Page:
I think I fell in love with Inception right around the ten minute mark, and I never looked back. I tend not to rewatch movies a lot (there’s so many great films I haven’t seen yet, after all), but I’ve seen this one a few times. It’s a film about levels of dreaming that has quite a few levels itself, and yet it still works on the most basic surface level as a fast-paced heist/action film.
Technology exists to shape and share dreams. This is most often used for industrial espionage - it’s a rather elaborate way to steal secrets. Dom Cobb (Leonardo Dicaprio) and his partner Arthur (Joseph Gordon-Levitt) are experts dream thieves, but when a scheme to steal plans from a Mr. Saito (Ken Watanabe) goes awry, they agree to try to plant an idea into the heir to an energy conglomerate’s mind – a process called Inception. They recruit a talented young architect named Ariadne (Ellen Page) to build their dream worlds, and thus set up some brilliant exposition scenes that establish the rules of the universe while showing off some spectacular visuals. Then they descend through several layers of dreams, lots of stuff goes wrong, and we get lots of action and suspenseful intercutting between the different layers.
The rules can be a bit contrived. A major aspect of the film is that you can get lost in the dream if you fail to time your awakening correctly. This adds some tension and ambiguity to a situation where no one can really die, but it doesn’t make a whole lot of sense (I don’t see how you can dream forever if you’re asleep for a finite amount of time…no matter the time dilation). I don’t care. The movie has its rules, and it sticks to them, and it’s better than the old “if you die in a dream you die in real life" canard.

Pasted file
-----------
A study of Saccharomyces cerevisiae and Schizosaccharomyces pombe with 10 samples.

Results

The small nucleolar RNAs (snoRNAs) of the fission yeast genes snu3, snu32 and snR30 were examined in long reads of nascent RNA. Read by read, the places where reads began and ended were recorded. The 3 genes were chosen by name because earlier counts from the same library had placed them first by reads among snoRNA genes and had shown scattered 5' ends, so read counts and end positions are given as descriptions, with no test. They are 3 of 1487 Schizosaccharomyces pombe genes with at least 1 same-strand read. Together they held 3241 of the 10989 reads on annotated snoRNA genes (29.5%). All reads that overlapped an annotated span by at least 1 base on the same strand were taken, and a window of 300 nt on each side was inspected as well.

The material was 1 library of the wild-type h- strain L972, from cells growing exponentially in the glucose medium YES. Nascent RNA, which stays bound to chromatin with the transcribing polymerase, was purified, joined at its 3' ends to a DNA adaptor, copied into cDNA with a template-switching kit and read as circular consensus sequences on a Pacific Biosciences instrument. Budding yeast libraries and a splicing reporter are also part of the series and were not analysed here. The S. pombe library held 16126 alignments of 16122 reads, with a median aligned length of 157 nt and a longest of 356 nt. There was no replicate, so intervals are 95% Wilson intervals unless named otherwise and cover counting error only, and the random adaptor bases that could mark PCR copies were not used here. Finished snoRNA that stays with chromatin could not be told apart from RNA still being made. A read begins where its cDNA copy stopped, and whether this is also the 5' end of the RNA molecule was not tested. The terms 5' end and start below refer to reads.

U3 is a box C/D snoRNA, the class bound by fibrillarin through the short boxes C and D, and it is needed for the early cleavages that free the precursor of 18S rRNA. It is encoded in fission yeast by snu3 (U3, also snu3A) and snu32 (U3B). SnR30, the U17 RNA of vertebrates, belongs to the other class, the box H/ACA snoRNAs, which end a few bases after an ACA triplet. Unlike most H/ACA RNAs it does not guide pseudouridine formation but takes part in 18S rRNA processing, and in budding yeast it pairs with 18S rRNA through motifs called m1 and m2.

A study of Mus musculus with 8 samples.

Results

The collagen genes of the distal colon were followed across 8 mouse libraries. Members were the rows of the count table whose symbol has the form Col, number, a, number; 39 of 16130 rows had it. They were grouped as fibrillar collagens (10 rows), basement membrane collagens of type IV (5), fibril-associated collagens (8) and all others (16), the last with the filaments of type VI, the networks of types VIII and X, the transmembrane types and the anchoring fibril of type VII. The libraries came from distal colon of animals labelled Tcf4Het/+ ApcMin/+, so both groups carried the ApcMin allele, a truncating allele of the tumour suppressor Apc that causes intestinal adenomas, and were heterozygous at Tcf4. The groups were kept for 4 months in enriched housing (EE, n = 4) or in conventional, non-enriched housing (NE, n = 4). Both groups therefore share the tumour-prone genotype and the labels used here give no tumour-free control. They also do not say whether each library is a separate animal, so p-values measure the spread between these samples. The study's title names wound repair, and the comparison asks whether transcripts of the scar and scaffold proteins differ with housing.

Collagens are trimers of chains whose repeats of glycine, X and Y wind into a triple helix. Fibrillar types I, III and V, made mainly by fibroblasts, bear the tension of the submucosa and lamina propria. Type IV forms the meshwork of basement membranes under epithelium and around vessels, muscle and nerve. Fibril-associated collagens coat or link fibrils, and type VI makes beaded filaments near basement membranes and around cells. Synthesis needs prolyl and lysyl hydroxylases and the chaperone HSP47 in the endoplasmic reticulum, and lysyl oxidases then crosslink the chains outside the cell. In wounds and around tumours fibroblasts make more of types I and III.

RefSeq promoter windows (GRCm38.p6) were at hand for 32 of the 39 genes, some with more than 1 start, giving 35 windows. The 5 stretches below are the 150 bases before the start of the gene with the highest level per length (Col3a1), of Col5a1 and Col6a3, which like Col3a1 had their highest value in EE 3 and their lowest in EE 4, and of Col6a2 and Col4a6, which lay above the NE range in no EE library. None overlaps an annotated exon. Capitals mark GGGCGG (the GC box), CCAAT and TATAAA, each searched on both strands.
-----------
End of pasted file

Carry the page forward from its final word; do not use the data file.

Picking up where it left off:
It also establishes the existential dilemma that hangs out in the background (and *spoiler* comes to the fore in the final shot). At any moment, the film can pull the rug out and declare a scene a dream, but it does this sparingly, while leaving the question open to a large extent. I know this annoyed some people, but I liked this aspect of the film, and I don’t care that much one way or another. Applying one interpretation or another makes this a whole different film. It’s an interactive experience!
For the record, I tend to prefer to think that the whole thing is a dream. The fact that the “awake” world is full of shadowy corporations, mazelike cities, happy shiny children, and people with no surnames and/or names as on the nose as Ariadne, all screams dream to me. Plus, he’s using the wrong damn totem the whole movie! But, I’ve heard convincing arguments in other directions, so I don’t get too wrapped up in it. I’m also very fond of the interpretation that the entire film is a metaphor for the filmmaking process – all of the members of the heist gang have roles analogous to the film world (Cobb director, Satoshi producer, conman Eames is the actor), and they’re putting together a production to change the way their audience thinks.
I have heard people complain as well that the characters fell flat for them. I’ll admit that it’s a challenge to create relatable characters when they spend so much time explaining the rules of the movie in long scenes of exposition…but I did anyway. I was drawn into the characters. I did care about their fates at the end. Of course, I think Cobb’s dreamed them all, so maybe I hold them to lower standards.
Nolan is one of the most skilled filmmakers working today, and he’s at the height of his powers here. This is a wonderfully constructed film that takes some high-flying effects and concepts and slips them into a heart-pounding actioner. This was my favorite film of 2010, so it’s a no-brainer for the Hugo as far as I’m concerned.